The Home Front
Antonia Robinson FAITH MAGAZINE January - February 2015
A Cure For Spiritual Dryness
Many years ago as a first-time mother with a tiny babe in arms, I received sound advice from a mother of adult children, a breastfeeding counsellor who had helped thousands of mothers and babies over decades.
There will be times, she said, when you don’t actually feel love for your baby. When you feel nothing at all. Don’t let this disturb you: it simply means that you’re drained, empty, unable to feel. When this happens mothers often take it as a sign that perhaps they don’t love their baby as much as they thought they did, that perhaps they need more time away from their baby, that perhaps somebody else should look after their baby. But this isn’t true, she continued. It merely means that you are exhausted, and there is a straightforward remedy. Simply behave tenderly towards your baby. Act as you did at those moments when you felt overwhelmed by maternal love for him. Behave lovingly and you will feel the loving feelings return.
Her words puzzled me at the time but weeks or months later, numbed by lack of sleep and overwhelmed by being the whole world to this one little person, my maternal feelings retreated and I was left feeling confused and empty, with a mewling infant in my arms. I remembered the wise words and I took that mother’s advice. More quickly than I imagined possible, the tender feelings towards my baby returned and mother-baby harmony was resumed.
I’ve used this advice many times. It isn’t simply the rigours of the baby stage that can empty a mother of the capacity to feel. Recognising that emotional dryness may come for many reasons I have found that behaving affectionately towards my children at those times when I’m actually feeling nothing of the sort has surprising results. Of course I love them deeply, even when I don’t feel as though I do. But by consistently affirming my love for them through my attitude, they feel loved and secure and – importantly – behave like loved and secure children, which in turn makes those genuine loving feelings rise easily to the fore.
Some years ago I started a family blog. My goal was to write briefly about one positive thing that had happened each day. To write it without context. To create a tangible string of positive memories. I did this because I felt bogged down by family life with small children and realised that it was too easy to focus on what had gone wrong each day. Negative feeings are more memorable than positive ones. We remember tragedy before we remember joy. Often the simple beauty of day-to-day life gets swallowed up and forgotten in its minor irritations. Having a record of the happy moments gave me a sense of perspective on my role as a parent.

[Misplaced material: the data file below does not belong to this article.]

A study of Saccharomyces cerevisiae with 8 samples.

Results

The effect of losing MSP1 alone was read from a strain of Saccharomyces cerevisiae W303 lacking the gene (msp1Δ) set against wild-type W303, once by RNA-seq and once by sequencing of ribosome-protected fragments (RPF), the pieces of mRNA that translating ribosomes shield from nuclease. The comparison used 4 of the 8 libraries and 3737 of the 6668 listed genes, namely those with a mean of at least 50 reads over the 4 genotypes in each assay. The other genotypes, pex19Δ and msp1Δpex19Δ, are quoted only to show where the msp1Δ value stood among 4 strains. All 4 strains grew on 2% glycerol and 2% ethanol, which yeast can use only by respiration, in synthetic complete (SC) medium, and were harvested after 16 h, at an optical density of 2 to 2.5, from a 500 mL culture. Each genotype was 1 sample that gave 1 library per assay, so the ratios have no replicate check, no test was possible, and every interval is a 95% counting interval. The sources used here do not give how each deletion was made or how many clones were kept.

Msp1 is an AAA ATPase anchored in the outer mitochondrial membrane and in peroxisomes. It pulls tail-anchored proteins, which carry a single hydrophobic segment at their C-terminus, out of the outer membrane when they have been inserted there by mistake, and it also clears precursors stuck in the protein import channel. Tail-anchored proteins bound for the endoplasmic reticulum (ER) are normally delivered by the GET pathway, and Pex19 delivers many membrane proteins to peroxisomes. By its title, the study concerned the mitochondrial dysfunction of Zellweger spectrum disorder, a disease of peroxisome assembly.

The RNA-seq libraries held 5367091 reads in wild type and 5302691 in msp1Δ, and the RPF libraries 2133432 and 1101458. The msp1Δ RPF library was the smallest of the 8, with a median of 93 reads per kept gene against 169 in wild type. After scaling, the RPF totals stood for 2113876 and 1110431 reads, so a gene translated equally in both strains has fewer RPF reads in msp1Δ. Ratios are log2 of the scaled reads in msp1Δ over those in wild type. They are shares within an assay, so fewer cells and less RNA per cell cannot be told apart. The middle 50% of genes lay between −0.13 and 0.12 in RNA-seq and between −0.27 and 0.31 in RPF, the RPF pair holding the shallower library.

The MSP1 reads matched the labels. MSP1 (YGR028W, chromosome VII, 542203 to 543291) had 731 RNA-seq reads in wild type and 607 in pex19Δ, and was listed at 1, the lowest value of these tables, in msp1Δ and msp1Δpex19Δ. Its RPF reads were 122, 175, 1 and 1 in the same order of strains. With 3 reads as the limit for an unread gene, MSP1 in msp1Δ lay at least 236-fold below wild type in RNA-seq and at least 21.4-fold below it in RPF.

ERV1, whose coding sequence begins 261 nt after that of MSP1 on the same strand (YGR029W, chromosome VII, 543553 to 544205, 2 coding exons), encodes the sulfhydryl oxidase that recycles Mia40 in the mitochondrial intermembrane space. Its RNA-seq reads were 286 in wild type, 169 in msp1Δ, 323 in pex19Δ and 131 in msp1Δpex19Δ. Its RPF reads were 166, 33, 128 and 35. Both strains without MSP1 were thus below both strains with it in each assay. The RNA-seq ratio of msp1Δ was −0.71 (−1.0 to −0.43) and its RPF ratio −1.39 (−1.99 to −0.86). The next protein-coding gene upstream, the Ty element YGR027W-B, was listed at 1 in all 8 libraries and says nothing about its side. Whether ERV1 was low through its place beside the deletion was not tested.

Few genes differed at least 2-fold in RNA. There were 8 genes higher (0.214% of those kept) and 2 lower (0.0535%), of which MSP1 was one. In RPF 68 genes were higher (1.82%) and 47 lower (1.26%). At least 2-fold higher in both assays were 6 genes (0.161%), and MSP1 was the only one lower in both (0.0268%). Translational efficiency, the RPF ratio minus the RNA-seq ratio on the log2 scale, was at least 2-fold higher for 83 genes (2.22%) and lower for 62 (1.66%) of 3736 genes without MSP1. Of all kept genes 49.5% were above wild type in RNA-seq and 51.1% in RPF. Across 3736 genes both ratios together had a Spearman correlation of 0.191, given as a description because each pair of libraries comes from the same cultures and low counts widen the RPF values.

So I find myself in the first week of Advent about to move house: surrounded by packing boxes, children needing attention, animals needing relocating, and a deadline for Faith magazine. The broadband customer services agent hung up on me yesterday and I have to drive my son a hundred miles to serve at a Mass for the Martyrs of the English College. Waaah! But I know I can reorient my perception of what’s going on by deliberately focusing on those things that are wonderful in my life, like a sailboat tacking to
correct its course.
My New Year’s resolution for 2015 will be to remember what I learned as a first-time mother and to apply it daily to my life – my children, husband, parents, in-laws and neighbours – and particularly to my relationship with God. When I feel alone, when I understand Psalm 22’s “My God my God, why have you forsaken me?” better than I remember the promise in Leviticus, “I am your God and you are my people,” I will pour my heart into praying.
“Giving rein to doubts about God’s presence makes it easy to blunder down a road marked ‘agnosticism’ towards a dark precipice”
When overwhelmed by life’s unwelcome challenges, our prayer life suffers. Like cross children we ignore Our Father because things aren’t going as we’d like. Or perhaps we don’t pray because we don’t “feel” anything. Our relationship with God is a reverse parental relationship. Although in our human frailty we may not perceive His love for us, this bears no relation to the fact of His love for us. As a lapsing Catholic once, paradoxically, said to a mutual friend: “I’ve stopped believing in God, but he still believes in me.”
Dryness of spiritual life is nothing new: many great saints persevered through it, which should give us all hope. However, spiritual dryness can also be a staging post on the way to loss of faith, which is why it alarms us. It is comforting to “feel” that God is near when we need Him. When we don’t sense Him near, we can doubt His presence. Giving rein to that way of thinking makes it easy to blunder down a road marked “agnosticism” towards a dark precipice.
Yet, like the maternal love that God has given every mother-baby dyad, our love for Our Lord only needs to be nurtured; a tiny flame in the high winds of spiritual battle. We must pray as though we feel drenched in His love and attention – because we are, whether we realise it or not. Maintaining prayer life with the fervour of one who feels the warmth of God’s regard will get us through the dark times. We are knocking a door that will always eventually be opened.